In 1945 Dr Roland Pope, an ophthalmic surgeon from Sydney made the promise of the bequest of his art collection of some 137 Australian paintings to Newcastle, conditional upon the construction of a gallery to house them. A bold promise fuelled by a passionate belief that a steel city could have the best gallery in the country. Pope’s collection was held in storage for 12 years awaiting a gallery. In 1957 Newcastle City Art Gallery, as it was then known, opened on the second floor of the War Memorial Cultural Centre adjacent to the gallery’s current home.
Newcastle Art Gallery, Australia’s first purpose built regional gallery, was officially opened by Her Majesty Queen Elizabeth II on Friday 11 March 1977. Applauded as a model for medium sized galleries with its innovative floor plan and hanging system, even in its infancy critics lamented the lack of storage space. The building is also an important example of early 1970s architecture with its geometric forms and brutalist aesthetic.
Today the Gallery has in its collection over 5000 works of art and can display only a small percentage of its renowned collection. In 2004 Newcastle City Council and the community endorsed a Master Plan for the Gallery’s redevelopment. The plans for the Gallery’s redevelopment will ensure that the Gallery continues in the spirit of innovation that saw it begin in 1977.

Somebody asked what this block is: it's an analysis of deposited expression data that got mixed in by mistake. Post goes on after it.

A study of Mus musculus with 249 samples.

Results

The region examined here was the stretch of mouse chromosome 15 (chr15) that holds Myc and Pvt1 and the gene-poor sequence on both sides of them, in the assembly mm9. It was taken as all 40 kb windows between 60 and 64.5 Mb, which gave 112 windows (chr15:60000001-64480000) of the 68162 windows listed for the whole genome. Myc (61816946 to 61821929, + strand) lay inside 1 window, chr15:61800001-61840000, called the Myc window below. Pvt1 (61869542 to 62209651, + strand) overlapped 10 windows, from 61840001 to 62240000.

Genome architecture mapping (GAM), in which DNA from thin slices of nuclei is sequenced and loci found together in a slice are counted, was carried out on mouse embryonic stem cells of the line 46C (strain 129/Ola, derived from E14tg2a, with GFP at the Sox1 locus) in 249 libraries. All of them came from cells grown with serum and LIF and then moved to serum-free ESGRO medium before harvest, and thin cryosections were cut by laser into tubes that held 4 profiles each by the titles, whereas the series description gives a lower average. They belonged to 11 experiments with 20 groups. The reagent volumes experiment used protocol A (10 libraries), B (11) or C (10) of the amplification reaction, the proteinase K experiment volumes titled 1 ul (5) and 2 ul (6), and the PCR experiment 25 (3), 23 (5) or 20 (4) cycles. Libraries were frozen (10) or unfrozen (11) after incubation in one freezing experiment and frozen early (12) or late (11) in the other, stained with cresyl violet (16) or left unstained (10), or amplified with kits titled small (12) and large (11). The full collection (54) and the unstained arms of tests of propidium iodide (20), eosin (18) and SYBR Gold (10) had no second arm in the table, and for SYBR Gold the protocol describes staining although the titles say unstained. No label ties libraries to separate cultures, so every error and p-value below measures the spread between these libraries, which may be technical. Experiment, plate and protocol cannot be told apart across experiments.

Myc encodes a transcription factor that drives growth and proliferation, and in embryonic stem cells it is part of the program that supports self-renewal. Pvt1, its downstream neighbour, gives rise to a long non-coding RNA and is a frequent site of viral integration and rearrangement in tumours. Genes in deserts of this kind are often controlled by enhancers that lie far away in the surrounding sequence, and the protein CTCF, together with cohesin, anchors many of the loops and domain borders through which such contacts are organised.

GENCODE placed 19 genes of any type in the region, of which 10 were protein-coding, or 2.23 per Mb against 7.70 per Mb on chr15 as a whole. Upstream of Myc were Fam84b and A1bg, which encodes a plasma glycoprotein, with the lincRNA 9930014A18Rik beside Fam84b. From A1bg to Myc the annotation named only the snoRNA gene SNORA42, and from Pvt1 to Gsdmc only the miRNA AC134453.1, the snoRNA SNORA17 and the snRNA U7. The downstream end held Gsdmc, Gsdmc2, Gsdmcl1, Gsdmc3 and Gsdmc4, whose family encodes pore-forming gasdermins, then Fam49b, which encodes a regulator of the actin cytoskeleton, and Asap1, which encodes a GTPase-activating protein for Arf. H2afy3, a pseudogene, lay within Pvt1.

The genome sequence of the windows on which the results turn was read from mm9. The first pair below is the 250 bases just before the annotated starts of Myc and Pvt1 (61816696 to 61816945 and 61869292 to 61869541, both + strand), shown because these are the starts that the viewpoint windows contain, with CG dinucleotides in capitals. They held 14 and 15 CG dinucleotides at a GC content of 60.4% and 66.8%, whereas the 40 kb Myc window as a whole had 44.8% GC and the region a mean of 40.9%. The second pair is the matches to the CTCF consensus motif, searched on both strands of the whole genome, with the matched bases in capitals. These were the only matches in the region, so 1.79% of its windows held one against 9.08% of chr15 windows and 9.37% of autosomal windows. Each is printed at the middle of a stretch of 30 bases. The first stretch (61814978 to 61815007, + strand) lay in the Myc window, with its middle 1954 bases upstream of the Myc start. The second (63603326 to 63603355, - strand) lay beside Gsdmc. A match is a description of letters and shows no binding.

Newcastle is the second oldest and sixth largest city in Australia. First established as a penal settlement, the earliest works in the Gallery’s collection are by convict artists. Joseph Lycett’s paintings of early Newcastle, or Coal River as it was known in the early nineteenth century, give central prominence to Nobbys headland, the quintessential feature of Newcastle harbour. Today, Newcastle is the busiest harbour on the eastern seaboard. Lycett’s early views of Newcastle also document the Indigenous inhabitants of the region, namely the Awabakal and Worimi people whose lands spread north of the Hunter River and south to encompass Lake Macquarie.
Newcastle has a proud working class history and is still the largest coal exporting port in the world. The city has also produced its share of artists. William Dobell, John Olsen, William Rose, Tom Gleghorn, Ross Morrow, John Molvig were all born and bred in the city, while artists including John Passmore, Royston Harpur, Stanislaus Rapotec, Matthew Perceval, Shay Docking and Margaret Olley have been drawn to the city, to its architecture and industrial vistas.